2 ways to slow yourself down

Suzanne McDermott
Watercolor, 5 x 7

It's August

Time to slow down.

Slowing down is a good thing. If we want to be centered, mindful and connect with other people and the world around us, we have to slow down. Some of us can slow down naturally but most of us need some sort of therapeutic remedy to knock us out of our break-neck pace and obsession with incessant waves of thinking.

Take advantage of the high heat of summer. Allow your pace to adjust to the temperature.

Be lazy! You have permission. Laying off work is a tradition in some places. Most of Europe goes on vacation. Paris empties out. New York psychiatrists abandon their patients.
"Deep summer is when laziness finds respectability."
—Sam Keen
2 ways to slow yourself down

Immerse yourself in water

Whether you can pop down to the shore and wade into the ocean, dive into your local pool or lower yourself into the bathtub, submerging your body in water is a phenomenal way to chill and I don't mean cool off (although it should do the trick!)

The ocean.
Salt water heals. When I was a little girl and would scrape my toe or knee at the beach, my father would look at it and say, "Go on into the ocean. That's the best thing for you." He was right, of course. The salt water cleaned my superficial wound and started the healing process. More than that, though.

As JFK once said:
"...we all came from the sea. And it is an interesting biological fact that all of us have, in our veins the exact same percentage of salt in our blood that exists in the ocean, and, therefore, we have salt in our blood, in our sweat, in our tears. We are tied to the ocean."
The pool.
I prefer to not swim in chlorinated water but if that's what you have, then use it. When I go to a pool, I work out rather than hang out. Lap after lap after lap. If that sounds like you, try taking easy laps with breast stroke.

The tub.
My mother used hydrotherapy when I was particularly cranky and unruly as a child. She'd draw a bath and put me in. It worked. I calmed down almost immediately.

It's great to use salts or essential oils or jets but honestly, just putting yourself into water will do the trick. Your brain will change and your body will experience immediate relief.


Pick up a pen or a pencil and draw something in front of you. For fun. Who cares what it looks like? Who's going to see it but you? What it looks like at the end is not the point here.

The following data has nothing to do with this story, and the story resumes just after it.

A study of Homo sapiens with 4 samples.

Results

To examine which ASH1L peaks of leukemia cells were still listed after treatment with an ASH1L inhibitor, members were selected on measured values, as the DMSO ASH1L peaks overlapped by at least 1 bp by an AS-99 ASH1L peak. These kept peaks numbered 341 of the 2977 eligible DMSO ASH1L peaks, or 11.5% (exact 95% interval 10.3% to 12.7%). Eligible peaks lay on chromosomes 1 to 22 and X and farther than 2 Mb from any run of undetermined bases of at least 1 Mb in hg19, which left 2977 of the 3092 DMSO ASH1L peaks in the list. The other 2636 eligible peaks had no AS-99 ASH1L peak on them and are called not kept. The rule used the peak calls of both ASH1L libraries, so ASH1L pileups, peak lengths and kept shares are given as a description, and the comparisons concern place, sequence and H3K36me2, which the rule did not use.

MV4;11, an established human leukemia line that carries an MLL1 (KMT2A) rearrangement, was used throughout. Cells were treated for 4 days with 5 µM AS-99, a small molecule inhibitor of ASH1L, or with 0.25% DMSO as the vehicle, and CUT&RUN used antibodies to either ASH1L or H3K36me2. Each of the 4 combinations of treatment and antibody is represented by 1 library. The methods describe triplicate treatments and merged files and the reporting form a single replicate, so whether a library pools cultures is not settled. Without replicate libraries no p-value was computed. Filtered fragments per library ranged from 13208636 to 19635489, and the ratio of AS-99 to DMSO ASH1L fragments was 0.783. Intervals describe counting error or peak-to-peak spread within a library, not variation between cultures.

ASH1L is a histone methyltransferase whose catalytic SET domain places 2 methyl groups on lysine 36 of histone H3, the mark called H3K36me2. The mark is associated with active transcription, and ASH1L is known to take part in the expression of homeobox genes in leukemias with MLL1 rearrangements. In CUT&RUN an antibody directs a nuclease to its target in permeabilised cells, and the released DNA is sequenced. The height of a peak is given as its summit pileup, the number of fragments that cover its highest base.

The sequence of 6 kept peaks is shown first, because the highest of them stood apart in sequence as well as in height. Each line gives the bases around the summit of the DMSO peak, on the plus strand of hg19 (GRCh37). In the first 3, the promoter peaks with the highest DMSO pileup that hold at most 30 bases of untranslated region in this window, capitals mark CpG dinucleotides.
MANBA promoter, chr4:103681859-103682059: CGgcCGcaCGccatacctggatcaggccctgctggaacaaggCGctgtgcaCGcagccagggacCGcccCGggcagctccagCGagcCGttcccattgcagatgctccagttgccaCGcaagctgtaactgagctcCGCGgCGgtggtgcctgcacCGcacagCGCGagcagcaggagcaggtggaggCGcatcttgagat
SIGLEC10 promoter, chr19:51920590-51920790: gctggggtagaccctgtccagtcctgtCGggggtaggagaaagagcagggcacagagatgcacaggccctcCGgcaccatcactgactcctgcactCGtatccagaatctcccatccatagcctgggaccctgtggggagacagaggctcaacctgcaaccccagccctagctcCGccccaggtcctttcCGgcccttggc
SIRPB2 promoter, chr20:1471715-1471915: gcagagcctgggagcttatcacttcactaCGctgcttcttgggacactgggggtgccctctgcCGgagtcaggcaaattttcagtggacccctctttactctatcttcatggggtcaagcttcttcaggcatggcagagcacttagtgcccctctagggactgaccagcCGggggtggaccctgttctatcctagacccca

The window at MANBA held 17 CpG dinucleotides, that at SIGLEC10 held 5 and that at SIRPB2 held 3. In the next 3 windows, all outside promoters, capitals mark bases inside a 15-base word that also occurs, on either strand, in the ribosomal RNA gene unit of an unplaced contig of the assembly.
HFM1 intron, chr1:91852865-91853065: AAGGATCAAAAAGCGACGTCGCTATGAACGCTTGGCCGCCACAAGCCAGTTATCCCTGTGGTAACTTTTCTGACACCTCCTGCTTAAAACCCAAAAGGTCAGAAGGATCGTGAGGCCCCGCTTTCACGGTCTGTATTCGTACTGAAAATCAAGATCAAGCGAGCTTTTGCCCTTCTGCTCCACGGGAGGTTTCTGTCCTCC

In this case, the point of drawing is to relieve your mind and to slow yourself down long enough to look at something carefully enough to make a drawing of some sort.

Just doodle if you can't stand the idea of drawing from life. The very act of moving a pen point around on paper will do the trick.

In Roz Chast's writing workshop, she has her students doodle. Here's why:
"I think we doodle to shut the left side of the brain up, like, during a meeting when that's really, really boring. I think it's sort of like having a kid with a crayon. It's like, I know you want to talk through all this, but just draw. So, I found that it's much easier to listen and concentrate if I'm actually drawing, like a little doodle."
Speaking of which

One of the main reasons I teach drawing and watercolor is to help people slow down, get real, bypass racing thoughts, be present in real time. The tools we use in my courses are pencils, pens, brushes, water, color, and paper. We start at the very beginning so that your creative house will always stand on a solid foundation. Whether you have no experience or some experience, your foundation is critical.

As you practice drawing and watercolor, you begin to notice that the light, your experience of time, your perspective, is always changing. Your experience in any moment is never to be repeated. You can't catch it with a camera, but looking back over drawings and watercolors brings some ineffable reminder of connection to a place in time. Because you slowed down enough to connect to your actual experience.

Join us for an awesome training in slowing down, getting to know yourself better and learning to practice and understand drawing and painting as a path to self-realization.

Register in advance for my Online Course in Drawing and Watercolor starting in September at the best price of the year. My advance offer is going out today.

Click here to contact me today to be included in the advance offer mailing.